Backtrack (1990) from Johnny Web (Uncle Scoopy; Greg Wroblewski) and Tuna
The Robbins recipe: Harley Davidson and the Marlboro Silent Lamb Girl.
Bad movie, but Jodie is often naked or in skimpy clothing, so it's worth a look for that reason.
Jodie Foster is kind of the Joe DiMaggio of acting, in the sense that both have an unchallengeable aura far beyond anything actually related to their mere mortal achievements.
To hear DiMaggio's proponents describe him, you'd think he was faster down the line than Mantle, a better fielder than Mays, and a better hitter than Ted Williams and Babe Ruth combined. DiMaggio was, of course, a great ballplayer, but nowhere near as great as the legend that has sprung up about him. Between ages 27 and 32, a baseball player's theoretical prime, he averaged 22 homers and 102 RBI's per year, and hit .303 over that span. During his famous 56 game streak, he didn't hit as well as Williams hit for that entire season.
He stole only 30 bases in his life, and fielded only .978. His lifetime batting average was .325. Per 550 at bats, he averaged 29 homers.
Fine numbers, but I'll bet you thought he was much better than that, right? Everybody does.
And the same is true of Jodie Foster. She made Backtrack during the absolute zenith of her acting career, 1988-1994. That period started with her best actress Oscar for The Accused and concluded with her nomination for Nell. In the middle was her signature role in Silence of the Lambs, which won her yet another Oscar. There you go, three best actress nominations in six years.
This film was made in that period, and offers no evidence to support either her script judgment or her acting abilities. It's a mediocre film, with often illogical, even incomprehensible plot twists, and poor character development. Jodie is not especially good in it, and is even responsible for some of the problems. She isn't awful, but she shows none of the spark and imagination that you'd expect if you hired the best young actress in the world, which many people considered her at the time.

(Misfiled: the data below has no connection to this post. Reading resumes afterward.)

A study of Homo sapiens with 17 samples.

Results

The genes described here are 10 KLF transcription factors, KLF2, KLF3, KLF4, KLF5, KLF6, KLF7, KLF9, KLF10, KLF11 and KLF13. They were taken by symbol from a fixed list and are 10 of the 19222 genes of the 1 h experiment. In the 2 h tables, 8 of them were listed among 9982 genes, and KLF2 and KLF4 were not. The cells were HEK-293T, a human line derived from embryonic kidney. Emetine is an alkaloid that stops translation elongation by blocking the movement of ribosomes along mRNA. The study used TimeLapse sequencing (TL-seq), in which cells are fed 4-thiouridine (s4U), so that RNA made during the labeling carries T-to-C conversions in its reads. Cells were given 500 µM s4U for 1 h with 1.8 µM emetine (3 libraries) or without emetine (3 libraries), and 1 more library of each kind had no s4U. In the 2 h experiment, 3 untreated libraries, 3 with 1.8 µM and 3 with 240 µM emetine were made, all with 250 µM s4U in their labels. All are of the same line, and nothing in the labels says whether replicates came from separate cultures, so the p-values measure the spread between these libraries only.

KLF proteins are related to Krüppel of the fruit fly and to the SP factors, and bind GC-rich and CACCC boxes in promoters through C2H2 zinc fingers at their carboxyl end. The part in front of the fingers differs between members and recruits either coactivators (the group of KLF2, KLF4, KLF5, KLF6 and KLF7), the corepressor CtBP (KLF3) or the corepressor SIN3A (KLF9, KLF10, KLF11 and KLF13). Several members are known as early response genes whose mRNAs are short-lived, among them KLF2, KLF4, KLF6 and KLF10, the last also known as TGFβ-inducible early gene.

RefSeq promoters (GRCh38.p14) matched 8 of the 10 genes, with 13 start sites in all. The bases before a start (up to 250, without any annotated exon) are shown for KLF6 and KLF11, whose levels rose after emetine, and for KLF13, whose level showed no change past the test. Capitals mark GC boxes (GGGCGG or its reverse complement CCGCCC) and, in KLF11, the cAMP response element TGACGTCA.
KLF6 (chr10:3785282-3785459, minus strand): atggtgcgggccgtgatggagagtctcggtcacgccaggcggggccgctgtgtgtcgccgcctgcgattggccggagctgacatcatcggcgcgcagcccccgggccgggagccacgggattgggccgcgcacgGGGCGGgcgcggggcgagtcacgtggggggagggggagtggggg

The movie irritated me, frankly. Dennis Hopper and Jodie play a hit man and his intended victim who end up in love despite their obvious incompatibility, and end up fleeing from the mob and the FBI and heaven knows who else.
Here are some especially irritating moments:
comments in yellow:
never had a us release, and never had a theatrical release under that
name. There was a 98 minute European release called Catchfire which producer/director/star Dennis Hopper disowned, and was
credited to the officially anonymous Alan Smithee. Critics have it at
2 1/2 stars, and blame Hopper's direction for most of the problems. I
didn't find that to be the case. I agree at 2 1/2 stars - watchable
but not exceptional, but think the problem was Foster's performance in
the female lead. I adored her in Silence of the Lambs, but didn't
think she ever developed the character in her own mind in this film,
and she was just Jodie, looking good and reciting lines. While the plot was not
hard to follow, Jodie's motivation for her character's actions and
changes was never conveyed. I adored Hopper's performance, and those
of most of the supporting cast.
2) She shows
near contempt for the gallery owner who is giving her her big break.
Why? Later in the film, she has a fight with Milo, saying that she has
to be around art and culture. Why then doesn't she care about her big
|I suppose these
problems could have been corrected with writing and direction, but
they all involve Anne's motivation as a character. The good news is
exposure. The most famous scene of the film from a nudity standpoint
is a shower scene. Hopper should give lessons in selecting shower
doors for nude shower scenes, because, while they distort enough to
show a shower scene, they don't really hide much.